BOISE -- Charter schools are an option that is only growing in demand. Along with that growth is the demand for equality, specifically when it comes to funding.
In fact, hundreds of kids marched to the capitol on Wednesday asking for that very thing, because just about every charter school struggles financially.
Those problems were made apparent last week when DaVinci Charter School told their students' parents it did not have enough money to finish the school year.
KTVB's Scott Evans looked into what is being done on the state level to make sure charter schools not only survive, but also thrive.
Charter schools offer parents options in their teaching style. Just as the styles are different, so are how they are run.
On Friday, February 1st, some DaVinci Charter School students were saying their goodbyes.
"I have two children for sure leaving today. This is their last day, and we're focusing only on them," said kindergarten teacher Elizabeth Sackman, who is wading into uncharted waters. "This school has the possibility of closing. It's like nothing we've ever heard before, ever. No one would ever imagine this could happen."
The reason: finances.
"When I took over six years ago, we're now down to about 49 percent of the budget we had at that time," said DaVinci Charter School Director Cindy Hoovel.
Statewide cuts to education hit her school hard. Then two years ago, the school was forced to move from a building to portable classrooms.
For a school that operates, in essence, paycheck to paycheck the move proved to be too much.
Unlike traditional public schools, charter schools do not have a safety net.
"We cannot use any local tax money," said Hoovel. "We cannot pass an emergency levy when something like that happens, and if you've noticed around the state, that's pretty much what's happening with pretty much all traditional schools and most of them are getting them passed."
Without options, the school continued to do something its done for the last four years, overestimate student attendance at the beginning of the year to get an advanced payment from the state.
And this school year it was off by 24 percent.
While DaVinci did nothing illegal, it made digging themselves out of a hole nearly impossible.
"It's hard for a small charter school, and without any facility money, and unexpected things, and you're just on the edge and having to face being fiscally responsible," said Hoovel.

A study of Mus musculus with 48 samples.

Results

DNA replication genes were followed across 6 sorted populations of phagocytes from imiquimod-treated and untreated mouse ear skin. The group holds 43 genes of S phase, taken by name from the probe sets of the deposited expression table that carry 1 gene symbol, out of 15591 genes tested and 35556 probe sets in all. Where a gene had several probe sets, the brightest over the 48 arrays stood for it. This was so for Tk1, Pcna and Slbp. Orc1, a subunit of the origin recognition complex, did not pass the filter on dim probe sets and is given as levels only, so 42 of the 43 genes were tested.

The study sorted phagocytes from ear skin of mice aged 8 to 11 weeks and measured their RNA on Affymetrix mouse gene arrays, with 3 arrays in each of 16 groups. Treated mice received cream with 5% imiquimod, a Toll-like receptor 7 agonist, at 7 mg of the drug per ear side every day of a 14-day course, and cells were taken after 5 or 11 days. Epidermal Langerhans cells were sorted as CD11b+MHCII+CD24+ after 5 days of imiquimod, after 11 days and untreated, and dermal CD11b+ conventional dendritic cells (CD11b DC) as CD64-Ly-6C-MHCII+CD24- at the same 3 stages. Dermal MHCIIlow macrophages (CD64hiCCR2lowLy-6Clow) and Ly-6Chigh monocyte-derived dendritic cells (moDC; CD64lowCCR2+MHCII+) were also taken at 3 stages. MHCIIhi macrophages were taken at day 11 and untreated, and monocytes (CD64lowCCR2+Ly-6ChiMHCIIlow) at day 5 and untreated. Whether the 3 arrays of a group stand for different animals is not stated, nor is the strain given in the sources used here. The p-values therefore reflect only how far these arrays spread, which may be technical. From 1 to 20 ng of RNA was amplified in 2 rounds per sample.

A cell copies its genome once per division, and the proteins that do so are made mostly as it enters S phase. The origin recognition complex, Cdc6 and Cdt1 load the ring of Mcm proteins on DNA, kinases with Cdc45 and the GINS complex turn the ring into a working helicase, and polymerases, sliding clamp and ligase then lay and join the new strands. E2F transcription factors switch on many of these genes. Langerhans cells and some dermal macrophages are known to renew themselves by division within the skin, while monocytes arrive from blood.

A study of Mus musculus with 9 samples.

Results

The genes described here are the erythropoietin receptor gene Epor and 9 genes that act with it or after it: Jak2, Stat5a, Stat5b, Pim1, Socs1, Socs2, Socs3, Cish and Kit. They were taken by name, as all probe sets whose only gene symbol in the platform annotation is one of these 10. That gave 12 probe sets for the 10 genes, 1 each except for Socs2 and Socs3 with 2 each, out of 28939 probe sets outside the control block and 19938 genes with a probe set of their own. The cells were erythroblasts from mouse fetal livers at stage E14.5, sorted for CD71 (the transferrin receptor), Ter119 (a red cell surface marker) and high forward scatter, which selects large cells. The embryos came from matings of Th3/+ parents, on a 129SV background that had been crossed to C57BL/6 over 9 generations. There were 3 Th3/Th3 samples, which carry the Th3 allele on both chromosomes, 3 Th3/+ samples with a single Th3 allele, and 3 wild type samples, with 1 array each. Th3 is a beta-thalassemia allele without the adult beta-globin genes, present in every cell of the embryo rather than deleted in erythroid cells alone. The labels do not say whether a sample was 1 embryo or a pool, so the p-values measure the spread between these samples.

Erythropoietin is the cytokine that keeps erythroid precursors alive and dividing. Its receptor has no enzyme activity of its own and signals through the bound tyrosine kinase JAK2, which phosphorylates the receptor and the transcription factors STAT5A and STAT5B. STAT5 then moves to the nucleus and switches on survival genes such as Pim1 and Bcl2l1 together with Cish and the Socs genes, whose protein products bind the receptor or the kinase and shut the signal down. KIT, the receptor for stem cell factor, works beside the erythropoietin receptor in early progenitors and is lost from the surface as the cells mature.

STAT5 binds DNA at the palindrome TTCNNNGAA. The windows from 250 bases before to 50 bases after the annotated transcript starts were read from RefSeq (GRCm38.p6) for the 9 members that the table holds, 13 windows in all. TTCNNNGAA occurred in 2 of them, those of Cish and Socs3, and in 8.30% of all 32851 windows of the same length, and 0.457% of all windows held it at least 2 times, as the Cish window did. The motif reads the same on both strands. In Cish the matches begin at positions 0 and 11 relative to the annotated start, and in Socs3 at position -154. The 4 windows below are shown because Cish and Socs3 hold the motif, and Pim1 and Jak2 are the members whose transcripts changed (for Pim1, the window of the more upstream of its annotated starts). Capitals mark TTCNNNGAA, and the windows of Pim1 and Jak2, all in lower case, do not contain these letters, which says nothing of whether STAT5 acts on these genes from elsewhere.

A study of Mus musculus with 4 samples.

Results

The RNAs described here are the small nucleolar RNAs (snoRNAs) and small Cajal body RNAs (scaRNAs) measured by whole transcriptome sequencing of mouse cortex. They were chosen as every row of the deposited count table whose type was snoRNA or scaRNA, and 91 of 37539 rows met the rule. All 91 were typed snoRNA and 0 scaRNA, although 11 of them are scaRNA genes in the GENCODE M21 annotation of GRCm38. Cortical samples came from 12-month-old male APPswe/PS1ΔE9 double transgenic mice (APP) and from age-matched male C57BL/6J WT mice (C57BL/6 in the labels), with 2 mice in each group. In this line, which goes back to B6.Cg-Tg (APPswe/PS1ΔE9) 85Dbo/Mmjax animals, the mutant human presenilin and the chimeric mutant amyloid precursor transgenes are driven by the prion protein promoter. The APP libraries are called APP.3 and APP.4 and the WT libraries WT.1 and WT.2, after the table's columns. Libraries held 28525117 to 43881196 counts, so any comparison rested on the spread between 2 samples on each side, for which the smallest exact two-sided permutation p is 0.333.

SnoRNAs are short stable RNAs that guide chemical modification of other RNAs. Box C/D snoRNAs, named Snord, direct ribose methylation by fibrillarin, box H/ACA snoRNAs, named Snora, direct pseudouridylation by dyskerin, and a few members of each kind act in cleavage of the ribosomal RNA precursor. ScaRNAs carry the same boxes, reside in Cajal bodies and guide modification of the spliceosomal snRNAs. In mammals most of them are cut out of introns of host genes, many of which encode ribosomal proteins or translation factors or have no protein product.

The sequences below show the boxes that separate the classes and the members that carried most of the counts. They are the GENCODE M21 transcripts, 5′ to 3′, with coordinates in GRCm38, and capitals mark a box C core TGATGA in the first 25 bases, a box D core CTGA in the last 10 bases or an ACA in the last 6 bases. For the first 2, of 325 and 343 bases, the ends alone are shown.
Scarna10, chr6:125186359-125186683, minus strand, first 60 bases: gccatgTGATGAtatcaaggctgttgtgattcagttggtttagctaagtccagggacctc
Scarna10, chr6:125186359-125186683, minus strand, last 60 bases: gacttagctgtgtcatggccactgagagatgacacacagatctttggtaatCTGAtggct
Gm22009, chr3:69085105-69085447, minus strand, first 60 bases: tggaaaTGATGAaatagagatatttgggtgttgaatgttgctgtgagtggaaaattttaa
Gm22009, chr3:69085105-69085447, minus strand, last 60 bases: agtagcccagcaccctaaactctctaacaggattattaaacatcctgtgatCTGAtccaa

Since 1998, six of the 44 charter schools that have opened are now closed. Five of the six cite finances as a contributing factor for closing.
However, some schools, like Liberty Charter in Nampa have found ways to make it work.
"I think charter schools have done an extremely good job of showing how you can do more with less," said Gayle O'Donahue, Communications Specialist for Liberty Charter.
Liberty operates under the philosophy of overestimating expenses and underestimating revenue. It is one reason it has survived when others have not.
"Everything that we do, we look at not only what's best for kids, but also what ensures that we will be financially solvent," said O'Donahue.
It's that ability to be financially solvent that could be the downfall of DaVinci. If that happens, over 120 kids would need to find new classrooms March 1st.
"Something has to be done to accommodate those students. We can't turn away students in public education," said Senator John Goedde, Chair of the Senate Education Committee.
Goedde says when lawmakers wrote the charter school laws over a decade ago, there was no history to work off of. Since then, there has been very little change to the laws.
"I think it deserves to be looked at. I don't know that there are specific changes that need to be made at this point, but it needs to be looked at," said Goedde.
Others agree. It was one of the main talking points last week during a Joint House and Senate Education Committee hearing.
Marilyn Whitney with the Idaho Charter School Commission says this just might be the year that legislation could come forward.
"There will very likely be measures considered in the future that will do something to address some of the challenges that the charter schools face," said Whitney.
Just last year, lawmakers removed one obstacle, the cap on how many charter schools could open each year.
"The commission is always looking at ways that they can continue to support charter schools and continue to support the growth of choice through charter schools," said Whitney.
As the choices grow, parents will have more options. Not only how a school teaches, but how they manage their books as well.
KTVB asked Hoovel if she feels like she failed. "I'm to the point I feel I've done everything I possibly can There's not much I haven't tried that we're aware of," Hoovel answered. "We still believe in possibilities, and we're not giving up until it's flat out - no more chances possible."
DaVinci will decide on February 15th if it will close at the end of the month.
Also at the end of the month, the state is hosting an open workshop to help people who want to start a new charter school.
Check out KTVB's school choice page for information and resources on all the options for education in Idaho including the differences between public, charter, magnet, private, and home schools.